Concept of poverty:

Poverty is a state or condition in which a person or community lacks the financial resources and essentials to enjoy a minimum standard of life and well-being that's considered acceptable in society.Poverty is associated with the undermining of a range of key human attributes, including health. The poor are exposed to greater personal and environmental health risks, are less well nourished, have less information and are less able to access health care; they thus have a higher risk of illness and disability. Conversely, illness can reduce household savings, lower learning ability, reduce productivity, and lead to a diminished quality of life, thereby perpetuating or even increasing poverty.

Poverty is often defined in absolute terms of low income – less than US$ 2 a day, for example. But in reality, the consequences of poverty exist on a relative scale.

According to the World Bank, “Poverty is pronounced deprivation in well-being, and comprises many dimensions.”

Share of Population Below the National Poverty Line (%)

Countries

People below the poverty line (%)

Bangladesh                                                     31.5
Bhutan                                                     12.0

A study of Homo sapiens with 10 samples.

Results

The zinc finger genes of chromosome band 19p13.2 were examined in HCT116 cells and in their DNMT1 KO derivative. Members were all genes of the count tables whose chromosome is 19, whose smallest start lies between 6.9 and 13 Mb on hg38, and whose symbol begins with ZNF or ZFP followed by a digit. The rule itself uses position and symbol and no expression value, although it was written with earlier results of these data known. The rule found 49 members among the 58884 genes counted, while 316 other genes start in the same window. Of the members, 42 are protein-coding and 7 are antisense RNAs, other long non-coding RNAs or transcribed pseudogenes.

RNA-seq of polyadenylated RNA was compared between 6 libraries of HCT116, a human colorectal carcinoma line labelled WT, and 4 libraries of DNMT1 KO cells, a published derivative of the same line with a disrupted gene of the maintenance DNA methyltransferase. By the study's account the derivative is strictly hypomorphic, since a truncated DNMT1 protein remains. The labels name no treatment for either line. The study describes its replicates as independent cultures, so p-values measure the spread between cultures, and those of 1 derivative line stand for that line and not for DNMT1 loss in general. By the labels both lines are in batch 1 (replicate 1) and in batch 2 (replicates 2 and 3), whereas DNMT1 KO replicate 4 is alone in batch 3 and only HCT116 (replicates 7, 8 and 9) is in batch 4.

India                                                      21.9
Maldives                                                      15.0
Nepal                                                       25.2
Sri Lanka                                                        6.7
Source: Basic Statistics 2017

Poverty can be classified into the following two types:

a) Absolute poverty:

Extreme poverty, absolute poverty, destitution, or penury, was originally defined by the United Nations in 1995 as "a condition characterized by severe deprivation of basic human needs, including food, safe drinking water, sanitation facilities, health, shelter, education, and information. It depends not only on income but also on access to services."

Originally, the international poverty line was set at earning a $1 a day when the Millennium Development Goals were first published. However, now the World Bank pushed the line to $2 to recognize higher price levels in several developing countries than previously estimated. The persons below this income line are called absolute poor.

b) Relative poverty:

Relative poverty is the condition in which people lack the minimum amount of income needed in order to maintain the average standard of living in the society in which they live. Relative poverty is considered the easiest way to measure the level of poverty in an individual country. Relative poverty is defined relative to the members of a society and, therefore, differs across countries. People are said to be impoverished if they cannot keep up with the standard of living as determined by society.

Relative poverty also changes over time. As the wealth of a society increases, so does the amount of income and resources that the society deems necessary for proper conditions of living. Eg; A has a monthly salary of Rs. 25,000. He is able to fulfill his basic needs. But he is relatively poor as compared to B, who has a monthly income of Rs. 30,000.